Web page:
The study of astrology is almost as old as civilization itself and is said to have originated in the cradle of humanity, Mesopotamia. Astrologists have kept track of the stars and correlating patterns since the third millennium, but over time what once was a practice inseparable from actual science like astronomy became a watered-down interpretation of human characteristics in the Sunday paper read by your kooky aunt and probably Linda Doyle. However, a new life has been breathed into the contemporary practice of astrology, suddenly more popular than ever with younger people as we continue to reject traditional religious institutions in favor of a more focused and inner approach to our unique spirituality. Our renewed interest in astrology is also definitely related to our obsession with self-care; it’s an extremely personalised view on your life and your experiences. It’s also increasingly more commodified, from Amazon ads telling you that because you’re a Libra you need this necklace, to the astrologer on your TikTok for-you page telling you that you’ve got to break up with your significant other.
Astrology has become so popular with our generation because it appears to hold a formulaic answer to everything, especially people
Humans are simple, we crave a sense of control and familiarity, and hate being vulnerable. A lot of the reasons why people have historically flocked to religion are the same as why we’re now attracted to astrology. It’s easy to accept that God (or another higher power) has a plan for us. It’s comforting to know that things are predestined and predictable. The last few years have been anything but, and it’s been hard to hold faith in anything lately. With economic uncertainty, a global pandemic, and just the general mess we deal with being in our 20s, things have been synonymous with spiraling out of control. Astrology has become so popular with our generation because it appears to hold a formulaic answer to everything, especially people. A sexy, mystical, attractive answer to why someone is like that. With modern technology, we’ve moved past the baseline advice that water signs should stick to earth signs and that air signs should couple up with fire signs (and vice-versa). How convenient is it to pull up Astro.com, input a few key pieces of information and receive an output equivalent to someone’s entire past, present, and future? For example, Capricorn Sun plus Leo Moon plus Cancer Rising equals someone who probably studies BESS and thinks they’re better than everyone else — mark to avoid.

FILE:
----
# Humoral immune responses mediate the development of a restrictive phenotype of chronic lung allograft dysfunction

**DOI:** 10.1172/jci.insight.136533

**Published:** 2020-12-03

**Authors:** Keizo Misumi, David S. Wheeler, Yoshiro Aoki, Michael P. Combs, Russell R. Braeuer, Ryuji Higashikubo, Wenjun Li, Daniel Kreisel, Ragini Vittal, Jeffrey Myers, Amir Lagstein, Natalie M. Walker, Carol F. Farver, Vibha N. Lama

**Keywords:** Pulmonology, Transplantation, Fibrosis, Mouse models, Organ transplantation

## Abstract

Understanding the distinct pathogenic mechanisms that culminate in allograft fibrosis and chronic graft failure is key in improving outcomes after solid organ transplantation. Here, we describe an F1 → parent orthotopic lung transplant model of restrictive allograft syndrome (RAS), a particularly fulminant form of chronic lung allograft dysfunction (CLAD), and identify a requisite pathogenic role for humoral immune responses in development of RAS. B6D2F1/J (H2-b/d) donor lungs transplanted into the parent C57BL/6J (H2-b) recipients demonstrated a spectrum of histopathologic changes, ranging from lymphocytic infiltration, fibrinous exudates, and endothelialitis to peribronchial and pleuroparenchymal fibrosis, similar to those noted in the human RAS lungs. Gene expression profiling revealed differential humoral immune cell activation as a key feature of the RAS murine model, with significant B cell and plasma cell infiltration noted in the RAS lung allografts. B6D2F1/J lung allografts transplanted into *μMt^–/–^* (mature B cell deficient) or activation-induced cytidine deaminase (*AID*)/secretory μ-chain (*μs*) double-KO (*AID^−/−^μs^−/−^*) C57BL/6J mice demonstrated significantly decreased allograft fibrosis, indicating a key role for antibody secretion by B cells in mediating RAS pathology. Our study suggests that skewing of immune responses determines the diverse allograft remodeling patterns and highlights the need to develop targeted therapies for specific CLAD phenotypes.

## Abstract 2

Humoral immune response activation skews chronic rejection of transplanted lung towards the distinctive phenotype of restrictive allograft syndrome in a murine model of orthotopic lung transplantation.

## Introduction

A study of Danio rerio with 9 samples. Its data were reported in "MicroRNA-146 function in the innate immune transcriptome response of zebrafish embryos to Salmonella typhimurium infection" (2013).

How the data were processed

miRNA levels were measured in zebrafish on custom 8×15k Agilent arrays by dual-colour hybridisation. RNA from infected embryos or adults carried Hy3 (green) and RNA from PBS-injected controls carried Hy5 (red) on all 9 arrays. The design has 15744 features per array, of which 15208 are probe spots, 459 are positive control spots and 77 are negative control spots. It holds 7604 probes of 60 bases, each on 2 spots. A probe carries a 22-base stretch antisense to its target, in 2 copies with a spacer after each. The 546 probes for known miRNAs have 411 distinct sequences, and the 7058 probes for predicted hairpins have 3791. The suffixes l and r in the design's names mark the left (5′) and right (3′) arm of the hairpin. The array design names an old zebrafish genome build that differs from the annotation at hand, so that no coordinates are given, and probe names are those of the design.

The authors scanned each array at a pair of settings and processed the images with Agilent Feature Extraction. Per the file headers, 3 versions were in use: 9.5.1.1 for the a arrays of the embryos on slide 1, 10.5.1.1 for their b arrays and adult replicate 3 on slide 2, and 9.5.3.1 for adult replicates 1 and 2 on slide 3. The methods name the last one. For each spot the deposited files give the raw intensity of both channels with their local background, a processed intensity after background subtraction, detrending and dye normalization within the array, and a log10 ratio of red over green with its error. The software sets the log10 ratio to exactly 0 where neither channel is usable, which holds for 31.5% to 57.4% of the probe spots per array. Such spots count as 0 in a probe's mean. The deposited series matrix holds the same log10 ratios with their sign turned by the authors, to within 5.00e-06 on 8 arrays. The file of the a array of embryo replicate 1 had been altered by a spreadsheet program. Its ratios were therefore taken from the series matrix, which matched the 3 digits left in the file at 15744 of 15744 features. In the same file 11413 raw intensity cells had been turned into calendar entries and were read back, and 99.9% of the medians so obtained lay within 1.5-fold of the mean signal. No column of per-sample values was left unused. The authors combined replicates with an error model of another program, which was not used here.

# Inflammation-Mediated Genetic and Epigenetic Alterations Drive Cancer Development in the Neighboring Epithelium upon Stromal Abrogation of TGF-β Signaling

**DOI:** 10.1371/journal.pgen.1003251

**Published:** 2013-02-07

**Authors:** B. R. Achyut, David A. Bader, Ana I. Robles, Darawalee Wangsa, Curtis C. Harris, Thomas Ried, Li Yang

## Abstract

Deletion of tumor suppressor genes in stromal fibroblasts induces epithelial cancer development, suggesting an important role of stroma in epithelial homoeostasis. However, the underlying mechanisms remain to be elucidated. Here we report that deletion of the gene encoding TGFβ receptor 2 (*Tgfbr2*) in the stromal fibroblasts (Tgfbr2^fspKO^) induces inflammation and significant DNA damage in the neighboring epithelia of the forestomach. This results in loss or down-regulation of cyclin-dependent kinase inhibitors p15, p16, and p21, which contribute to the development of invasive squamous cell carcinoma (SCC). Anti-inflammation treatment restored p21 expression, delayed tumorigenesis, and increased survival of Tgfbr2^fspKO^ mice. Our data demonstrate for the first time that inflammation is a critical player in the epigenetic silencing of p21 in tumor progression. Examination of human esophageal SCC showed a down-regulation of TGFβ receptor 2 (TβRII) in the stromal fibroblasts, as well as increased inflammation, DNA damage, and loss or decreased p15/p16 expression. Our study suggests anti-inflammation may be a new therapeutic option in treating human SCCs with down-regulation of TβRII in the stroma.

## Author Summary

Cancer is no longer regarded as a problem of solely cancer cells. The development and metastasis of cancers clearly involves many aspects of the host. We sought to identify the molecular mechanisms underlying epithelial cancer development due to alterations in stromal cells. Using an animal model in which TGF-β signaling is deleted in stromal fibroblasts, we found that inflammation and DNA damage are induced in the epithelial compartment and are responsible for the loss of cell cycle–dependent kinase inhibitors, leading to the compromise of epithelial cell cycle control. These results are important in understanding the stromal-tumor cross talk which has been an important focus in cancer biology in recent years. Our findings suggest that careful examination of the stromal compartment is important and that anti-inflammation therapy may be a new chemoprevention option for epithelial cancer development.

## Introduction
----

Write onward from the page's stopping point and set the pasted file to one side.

Isn’t it so much more easy to accept star-signed determinism than admitting your own fault?
Our obsession with wanting to know what to expect and when to expect it has become an extreme method of self-preservation. It’s rocky and uncharted territory to open up to someone romantically, and how do you even know who to talk to? We’re all so afraid of being disappointed, that we feel severely betrayed after serving ourselves up on a silver platter for someone on Hinge only for it to not work out. Astrology gives the illusion of being able to control your expectations of someone else and yourself in a given situation. How relieving it is to say: “Well, it didn’t work because he’s a Taurus and I’m an Aries,” instead of acknowledging the real problems you had with each other? Isn’t it so much more easy to accept star-signed determinism than admitting your own fault? The recent reliance on astrology isn’t because anyone actually cares about who they’re compatible with, it’s because astrology hangs horoscopes and cosmic predictions like a safety net so you’re not too upset after investing time and energy into a Gemini when you’re a Pisces. Get real, more real than your zodiac sign because no one can be accurately described in three adjectives or a coded webpage. As Tim Kreider wrote: “If we want the rewards of being loved we have to submit to the mortifying ordeal of being known.”